In my first week at the Sundance Theatre Lab, my main impression is that it is luxurious. I don't mean decadent, although the accommodations and food are amazing. It's luxurious in that we're working within the luxury of nature. In the mornings I listen to bird songs on the porch; we rehearse in cabins surrounded by streams and trees. But it also offers another luxury: time, and the mental space this brings.
What's exciting for me about Sundance is the luxury I have in taking the time to explore my play Caught — about a Chinese dissident artist, among other things — in a deep way. I wrote the first draft relatively quickly and did not make many major revisions beyond my first stab. I write fast because I have a lot of nervous energy. I feel I need to get things done. I multi-task with multiple projects. I have a day job. I have the overall business of life to attend to. This has to affect the art, even while art should open up states of mind beyond the mundane.
For me, writing fast drafts is a heady combination of inspiration and overconfidence. While it's thrilling to reach the end quickly, speed also causes things to calcify at an early stage. Even though I knew there was work to be done, something about the initial draft felt immovable in my mind. I couldn't identify the next steps. Speed led to a roadblock.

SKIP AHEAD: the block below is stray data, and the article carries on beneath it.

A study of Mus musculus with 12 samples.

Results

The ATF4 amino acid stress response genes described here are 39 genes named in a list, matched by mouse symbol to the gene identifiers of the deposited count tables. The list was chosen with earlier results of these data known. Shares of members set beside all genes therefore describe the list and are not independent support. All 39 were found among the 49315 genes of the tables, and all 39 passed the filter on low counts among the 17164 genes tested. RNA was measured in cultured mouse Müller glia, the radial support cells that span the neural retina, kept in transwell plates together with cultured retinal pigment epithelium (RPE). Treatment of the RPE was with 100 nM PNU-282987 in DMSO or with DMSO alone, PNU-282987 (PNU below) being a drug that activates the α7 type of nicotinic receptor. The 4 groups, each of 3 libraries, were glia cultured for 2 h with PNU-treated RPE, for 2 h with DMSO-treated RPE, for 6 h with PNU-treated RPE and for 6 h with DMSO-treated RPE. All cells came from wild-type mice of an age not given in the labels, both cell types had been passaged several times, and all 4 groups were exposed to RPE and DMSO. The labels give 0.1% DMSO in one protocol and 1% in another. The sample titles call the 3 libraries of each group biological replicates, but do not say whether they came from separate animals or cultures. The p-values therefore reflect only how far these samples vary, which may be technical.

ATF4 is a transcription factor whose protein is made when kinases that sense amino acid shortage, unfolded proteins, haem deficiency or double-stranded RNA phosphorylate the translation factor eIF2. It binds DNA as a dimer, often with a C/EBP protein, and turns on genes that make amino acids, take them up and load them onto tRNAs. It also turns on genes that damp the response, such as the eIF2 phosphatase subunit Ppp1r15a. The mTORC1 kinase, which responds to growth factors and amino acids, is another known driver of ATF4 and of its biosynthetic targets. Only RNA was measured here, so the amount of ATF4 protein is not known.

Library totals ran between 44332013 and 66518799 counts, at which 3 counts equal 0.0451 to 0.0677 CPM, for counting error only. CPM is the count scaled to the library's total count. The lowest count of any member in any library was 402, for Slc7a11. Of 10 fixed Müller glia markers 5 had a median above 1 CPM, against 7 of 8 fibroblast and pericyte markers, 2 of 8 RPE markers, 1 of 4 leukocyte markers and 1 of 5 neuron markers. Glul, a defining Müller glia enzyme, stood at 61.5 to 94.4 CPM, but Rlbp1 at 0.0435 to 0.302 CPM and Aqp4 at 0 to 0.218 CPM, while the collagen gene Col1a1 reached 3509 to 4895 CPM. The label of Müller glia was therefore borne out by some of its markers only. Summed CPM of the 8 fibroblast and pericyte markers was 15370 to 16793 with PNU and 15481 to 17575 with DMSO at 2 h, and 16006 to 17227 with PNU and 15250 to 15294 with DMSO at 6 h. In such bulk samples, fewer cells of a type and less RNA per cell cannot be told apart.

Here, I feel my process slowing down and expanding. We have three weeks of development time, with alternating workshop days and private writing days. In our first week I am not doing any rewriting. I am observing my director and actors do intensive scene work on the untouched draft. By week's end, I'll get to have experienced the best possible realization of this version before jumping into rewrites. This is a luxury. One major breakthrough for me was a clarity of relationship. The play has a Russian-doll-like structure. It is fragmented and episodic, with new characters introduced on a scene by scene basis. An open question going in was: What can the audience hold on to? What's the through-line?
Through a conversation with my director, Mark Brokaw, it hit me that there was an intimate relationship in the play. The relationship between the play itself and the audience. This is a given for any play, but for Caught's structural experiment it was an important dynamic to clarify. As the play twists and turns, how is it treating the audience? When is it being coy? Generous? Manipulative? Sincere? It was a simple but profound lightbulb moment that opened up a whole new language and perspective for tackling the work; as simple and profound as the act of making art in the wilderness.